GARISSA, Kenya, May 30 (Xinhua) -- The international medical charity, Medecins Sans Frontieres (MSF), on Tuesday appealed for urgent funding to avert an outbreak of cholera at the refugee camps in northeastern Kenya.
The charity said the cholera outbreak in the camps has affected 2,786 people so far and there is an imminent risk of outbreaks of other gastro-intestinal diseases.
"The gravity of the situation demands urgent attention, particularly in the areas of water, sanitation, and hygiene," said Hassan Maiyaki, MSF country director in Kenya, in a statement.
The MSF called for immediate action from donors and aid agencies to address the unsanitary conditions and overcrowding in the camps, which mainly host refugees from Somalia.
According to the charity, the current cholera outbreak is linked to reductions in essential water and sanitation activities in the camps, including providing clean water, distributing soap, constructing and repairing latrines, and organizing waste management.
According to the MSF, the three refugee camps, which make up the Dadaab complex, located in Kenya's northeastern region, are home to more than 300,000 refugees, most from neighboring Somalia. Their population has grown rapidly in recent months due to an extended drought in Somalia, leading to severe overcrowding and increased pressure on existing services, including supplies of drinking water and latrines.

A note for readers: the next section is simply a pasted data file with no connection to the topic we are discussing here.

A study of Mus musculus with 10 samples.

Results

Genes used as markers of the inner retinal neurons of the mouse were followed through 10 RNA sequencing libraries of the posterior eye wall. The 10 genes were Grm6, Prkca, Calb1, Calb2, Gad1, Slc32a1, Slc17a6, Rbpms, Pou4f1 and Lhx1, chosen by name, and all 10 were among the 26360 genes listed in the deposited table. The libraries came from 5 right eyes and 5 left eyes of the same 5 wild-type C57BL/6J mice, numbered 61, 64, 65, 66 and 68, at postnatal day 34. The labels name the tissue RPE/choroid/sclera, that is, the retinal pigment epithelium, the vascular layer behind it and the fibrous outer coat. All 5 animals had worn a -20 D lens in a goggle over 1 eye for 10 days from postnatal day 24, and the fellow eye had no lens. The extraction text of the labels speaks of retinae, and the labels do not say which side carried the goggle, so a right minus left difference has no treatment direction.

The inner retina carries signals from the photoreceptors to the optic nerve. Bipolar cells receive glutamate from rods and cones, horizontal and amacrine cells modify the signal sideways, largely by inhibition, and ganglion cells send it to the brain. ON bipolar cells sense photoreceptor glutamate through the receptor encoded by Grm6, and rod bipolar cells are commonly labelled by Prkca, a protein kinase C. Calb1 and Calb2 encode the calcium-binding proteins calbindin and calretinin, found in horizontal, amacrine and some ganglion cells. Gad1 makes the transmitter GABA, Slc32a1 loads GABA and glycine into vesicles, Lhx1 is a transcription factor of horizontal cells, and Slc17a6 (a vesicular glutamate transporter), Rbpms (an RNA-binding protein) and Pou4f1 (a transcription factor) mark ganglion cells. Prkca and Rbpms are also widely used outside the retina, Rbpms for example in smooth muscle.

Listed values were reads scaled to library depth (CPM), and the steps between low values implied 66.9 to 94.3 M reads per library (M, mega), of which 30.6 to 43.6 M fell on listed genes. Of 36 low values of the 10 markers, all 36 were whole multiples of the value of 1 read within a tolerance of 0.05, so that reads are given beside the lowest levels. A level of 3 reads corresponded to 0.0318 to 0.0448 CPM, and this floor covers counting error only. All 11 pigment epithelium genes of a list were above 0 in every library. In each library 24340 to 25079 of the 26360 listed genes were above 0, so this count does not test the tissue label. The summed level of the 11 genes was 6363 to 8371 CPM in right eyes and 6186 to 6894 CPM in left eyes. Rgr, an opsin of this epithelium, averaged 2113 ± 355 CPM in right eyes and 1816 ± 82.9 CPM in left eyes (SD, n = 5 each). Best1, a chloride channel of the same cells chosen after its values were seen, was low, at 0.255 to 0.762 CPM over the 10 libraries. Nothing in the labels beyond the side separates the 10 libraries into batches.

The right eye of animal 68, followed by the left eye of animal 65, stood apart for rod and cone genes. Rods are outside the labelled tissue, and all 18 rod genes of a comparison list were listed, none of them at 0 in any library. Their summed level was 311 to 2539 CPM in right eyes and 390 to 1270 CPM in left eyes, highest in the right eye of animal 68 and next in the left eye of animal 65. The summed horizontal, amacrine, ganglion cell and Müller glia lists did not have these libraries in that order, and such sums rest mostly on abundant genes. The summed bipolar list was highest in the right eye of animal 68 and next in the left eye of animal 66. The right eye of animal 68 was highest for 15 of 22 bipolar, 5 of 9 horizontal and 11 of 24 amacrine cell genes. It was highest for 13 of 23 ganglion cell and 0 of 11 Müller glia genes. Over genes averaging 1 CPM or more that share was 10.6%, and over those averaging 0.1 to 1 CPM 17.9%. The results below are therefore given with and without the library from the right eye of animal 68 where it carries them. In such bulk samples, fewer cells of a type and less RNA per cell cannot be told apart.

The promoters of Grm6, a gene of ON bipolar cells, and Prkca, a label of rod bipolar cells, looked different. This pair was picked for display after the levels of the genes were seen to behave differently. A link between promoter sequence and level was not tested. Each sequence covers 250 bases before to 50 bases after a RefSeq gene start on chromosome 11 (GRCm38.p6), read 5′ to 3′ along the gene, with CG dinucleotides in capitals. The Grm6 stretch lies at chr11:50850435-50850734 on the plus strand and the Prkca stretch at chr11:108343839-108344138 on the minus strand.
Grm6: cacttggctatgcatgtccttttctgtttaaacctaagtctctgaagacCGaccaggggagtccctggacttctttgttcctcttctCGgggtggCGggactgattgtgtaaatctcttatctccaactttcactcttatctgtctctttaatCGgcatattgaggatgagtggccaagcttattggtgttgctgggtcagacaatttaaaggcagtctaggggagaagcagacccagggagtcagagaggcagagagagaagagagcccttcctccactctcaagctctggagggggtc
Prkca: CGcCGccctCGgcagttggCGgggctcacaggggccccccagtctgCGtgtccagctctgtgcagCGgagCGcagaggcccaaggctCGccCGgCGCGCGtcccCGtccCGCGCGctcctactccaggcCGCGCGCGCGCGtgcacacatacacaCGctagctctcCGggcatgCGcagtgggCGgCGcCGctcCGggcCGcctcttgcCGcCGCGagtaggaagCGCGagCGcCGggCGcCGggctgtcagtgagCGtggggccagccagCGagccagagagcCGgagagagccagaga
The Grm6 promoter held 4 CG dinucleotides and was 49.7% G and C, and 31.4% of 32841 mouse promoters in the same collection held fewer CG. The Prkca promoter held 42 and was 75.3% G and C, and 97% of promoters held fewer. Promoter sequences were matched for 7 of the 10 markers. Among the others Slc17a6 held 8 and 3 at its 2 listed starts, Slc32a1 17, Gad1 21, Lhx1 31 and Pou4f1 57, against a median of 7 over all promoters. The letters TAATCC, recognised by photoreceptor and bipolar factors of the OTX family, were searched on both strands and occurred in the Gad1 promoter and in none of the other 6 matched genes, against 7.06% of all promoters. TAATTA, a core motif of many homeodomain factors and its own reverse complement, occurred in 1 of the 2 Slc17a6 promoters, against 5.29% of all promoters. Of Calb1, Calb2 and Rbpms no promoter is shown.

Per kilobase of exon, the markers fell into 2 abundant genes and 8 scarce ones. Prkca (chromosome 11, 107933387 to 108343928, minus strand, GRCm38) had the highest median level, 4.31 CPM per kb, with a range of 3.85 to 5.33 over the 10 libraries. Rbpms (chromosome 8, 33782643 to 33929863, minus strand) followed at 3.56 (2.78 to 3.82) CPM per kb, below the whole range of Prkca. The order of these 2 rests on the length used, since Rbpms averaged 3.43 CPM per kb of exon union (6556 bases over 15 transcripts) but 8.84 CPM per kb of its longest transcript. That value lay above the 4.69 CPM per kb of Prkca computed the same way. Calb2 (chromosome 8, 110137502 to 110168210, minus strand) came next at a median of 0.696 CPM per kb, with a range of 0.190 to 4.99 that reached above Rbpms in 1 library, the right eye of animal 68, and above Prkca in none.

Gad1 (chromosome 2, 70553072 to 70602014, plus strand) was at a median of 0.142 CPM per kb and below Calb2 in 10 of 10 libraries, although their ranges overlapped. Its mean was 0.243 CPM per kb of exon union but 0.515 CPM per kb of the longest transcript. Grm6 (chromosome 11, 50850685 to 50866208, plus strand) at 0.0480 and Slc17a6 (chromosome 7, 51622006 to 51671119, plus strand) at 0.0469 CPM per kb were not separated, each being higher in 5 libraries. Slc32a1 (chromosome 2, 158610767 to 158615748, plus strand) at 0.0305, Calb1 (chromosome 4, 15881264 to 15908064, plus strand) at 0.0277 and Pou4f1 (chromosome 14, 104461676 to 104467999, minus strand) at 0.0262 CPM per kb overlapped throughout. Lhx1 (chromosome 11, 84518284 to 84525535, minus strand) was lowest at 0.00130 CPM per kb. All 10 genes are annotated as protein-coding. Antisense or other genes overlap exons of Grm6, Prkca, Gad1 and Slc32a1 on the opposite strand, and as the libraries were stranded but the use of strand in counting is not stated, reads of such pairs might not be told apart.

"We have already seen the worst cholera outbreak in five years, and the risk of other epidemics breaking out is high. If this occurs, it would outstrip medical capacity in the camps, with potentially catastrophic consequences," Maiyaki said.
Humanitarian organizations working in the camps have said almost half of the people in the camps have no access to functional latrines, leading to open defecation in and around the camps, which raises the risk of disease outbreaks.
The Kenyan Ministry of Health as well as humanitarian agencies have carried out cholera vaccinations and health promotion campaigns to help people protect themselves from the disease, but the MSF said curbing the outbreak will require improvements to water and sanitation infrastructure.